Obama backers like his inspiration, hope
ST. PAUL - Hope. Inspiration. Youth. Inclusion. And more hope. Those are traits Barack Obama would take to the White House, his supporters are saying as they await a historic St. Paul speech tonight which is expected to kick off his campaign for ...
ST. PAUL - Hope. Inspiration. Youth. Inclusion. And more hope.
Those are traits Barack Obama would take to the White House, his supporters are saying as they await a historic St. Paul speech tonight which is expected to kick off his campaign for president against Republican John McCain.
With today's final delegate surge, the 46-year-old U.S. senator from Chicago's South Side is well on is way to becoming the first black major political party presidential nominee. The Associated Press declared at mid-day that regardless of the outcome of today's Montana and South Dakota primaries, Obama has enough national convention delegates to win the nomination next August in Denver.
Opponents should not take Obama lightly, Bud McClure of Duluth said.
"One thing they have attempted to do is dismiss the inspirational nature of this young man," the University of Minnesota Duluth psychology professor said outside the Xcel Energy Center hours before Obama spoke.
Obama's Minnesota fans lined up outside the Xcel center beginning at 7:30 a.m.
First in line were two Hastings teens.
"My generation is plagued with apathy," Bonni McCallson, 18, said from her perch at the front of the line.
She and 19-year-old Kate Rickert said Obama is the person to break that apathy and bring young voters to the polls.
"He gets people inspired," Rickert added.
A few hundred people in line behind Rickert and McCallson, and out of sight from the main door, Eric Aufderhar leaned on a wall reading a book.
Like most at Obama's event, November will be Aufderhar's first opportunity to vote for president.
"I am tired of how the country is going," the 21-year-old University of Minnesota Morris student said before returning to his book.
The youthful group stood and sat in line on a gray, rainy day, almost 12 hours in the case of McCallson and Rickert. Across the street, national television and cable networks were set up for live reports from downtown St. Paul.
Obama's campaign picked Minnesota for his victory speech for a couple of reasons - the Xcel is where McCain will accept the Republican nomination in early September and the Upper Midwest probably will be a battleground state in this year's presidential election.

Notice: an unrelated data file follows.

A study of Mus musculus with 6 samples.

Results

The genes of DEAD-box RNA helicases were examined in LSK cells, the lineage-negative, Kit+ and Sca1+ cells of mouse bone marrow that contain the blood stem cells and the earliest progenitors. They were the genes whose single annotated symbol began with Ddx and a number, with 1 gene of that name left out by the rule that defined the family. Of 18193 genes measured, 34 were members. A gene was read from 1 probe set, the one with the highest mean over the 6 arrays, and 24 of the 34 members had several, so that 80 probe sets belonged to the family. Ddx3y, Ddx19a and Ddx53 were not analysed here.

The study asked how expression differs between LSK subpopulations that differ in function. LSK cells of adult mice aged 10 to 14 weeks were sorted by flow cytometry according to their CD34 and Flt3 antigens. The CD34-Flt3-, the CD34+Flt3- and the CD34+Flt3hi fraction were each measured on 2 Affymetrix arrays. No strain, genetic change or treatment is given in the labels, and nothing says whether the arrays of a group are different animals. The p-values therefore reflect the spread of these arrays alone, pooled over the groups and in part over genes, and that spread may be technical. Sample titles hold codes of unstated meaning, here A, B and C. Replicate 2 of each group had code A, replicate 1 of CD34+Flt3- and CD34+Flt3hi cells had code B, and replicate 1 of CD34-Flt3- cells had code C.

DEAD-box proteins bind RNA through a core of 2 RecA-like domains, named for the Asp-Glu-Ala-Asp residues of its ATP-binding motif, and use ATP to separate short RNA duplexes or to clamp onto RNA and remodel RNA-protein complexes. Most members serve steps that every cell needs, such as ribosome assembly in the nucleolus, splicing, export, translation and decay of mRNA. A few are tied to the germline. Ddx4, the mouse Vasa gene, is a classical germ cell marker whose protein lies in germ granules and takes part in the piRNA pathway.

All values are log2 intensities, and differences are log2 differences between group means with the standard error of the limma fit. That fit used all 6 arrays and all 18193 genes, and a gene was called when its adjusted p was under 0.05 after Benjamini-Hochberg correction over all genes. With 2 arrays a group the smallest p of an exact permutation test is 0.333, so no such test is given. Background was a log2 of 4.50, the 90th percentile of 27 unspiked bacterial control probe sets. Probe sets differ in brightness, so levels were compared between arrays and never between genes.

Gov. Tim Pawlenty, McCain's national co-chairman, summoned reporters to welcome Obama to Minnesota and promote his own candidate.
"These candidates are going to be here a lot," Pawlenty said.
McCain plans a June 19 visit to the Twin Cities, for a fund-raiser and, probably, a town meeting.
The last time Minnesota backed a Republican was President Nixon in 1972. However, Al Gore beat George W. Bush in 2000 by just 2.4 percentage points. John Kerry did a bit better in 2004, edging Bush with a 3.5-point margin.
While Obama, a freshman Illinois senator, has been building his lead for five months,
Obama was born in Hawaii Aug. 4, 1961. His mother was a native Kansan; his father came from Kenya.
After living in New York and Indonesia, he moved to Chicago in 1985. There, he was a community organizer for a church-based group.
Obama earned a law degree and was elected to the Illinois Senate. He moved on to the U.S. Senate in 2004.
Pawlenty said someone with so little experience should not be president. He predicted that many voters who like Clinton's experience will go to McCain.
"It's beyond debate that having experience is a good thing," Pawlenty said.
But the GOP governor did not check Obama supporters at the Xcel center. For them, Obama's inspiration was much more important than any lack of experience.
McClure said he has seen no politician since John F. Kennedy as inspirational as Obama.
McClure's sister, Molly McClure of Harrisburg, Pa., is visiting Minnesota and decided to join her brother at the Tuesday night rally.
She has seen Obama before, and said he has a magnetic personality. "There is something about his nature that is attractive."
The McClures' comments were typical. Most Obama backers said little, if anything, about his policy positions.
For McCallson, sitting in a camping chair for hours awaiting Obama was worth it because she was part of a growing force.
"So many people are coming in armies," she said of the Obama campaign.
Calling herself a lower-middle class Minnesotan, McCallson said she can relate to Obama better than other politicians. "He understands what it is like to be one of us."
Clinton and McCain both are too much party-line politicians, she added, offering nothing new.
Aufderhar, who plans to be a history teacher, said he is optimistic young Americans will vote this year, especially for Obama.
"There is something about him that will bring everyone in," Aufderhar said. "We want to have someone in power to usher us in."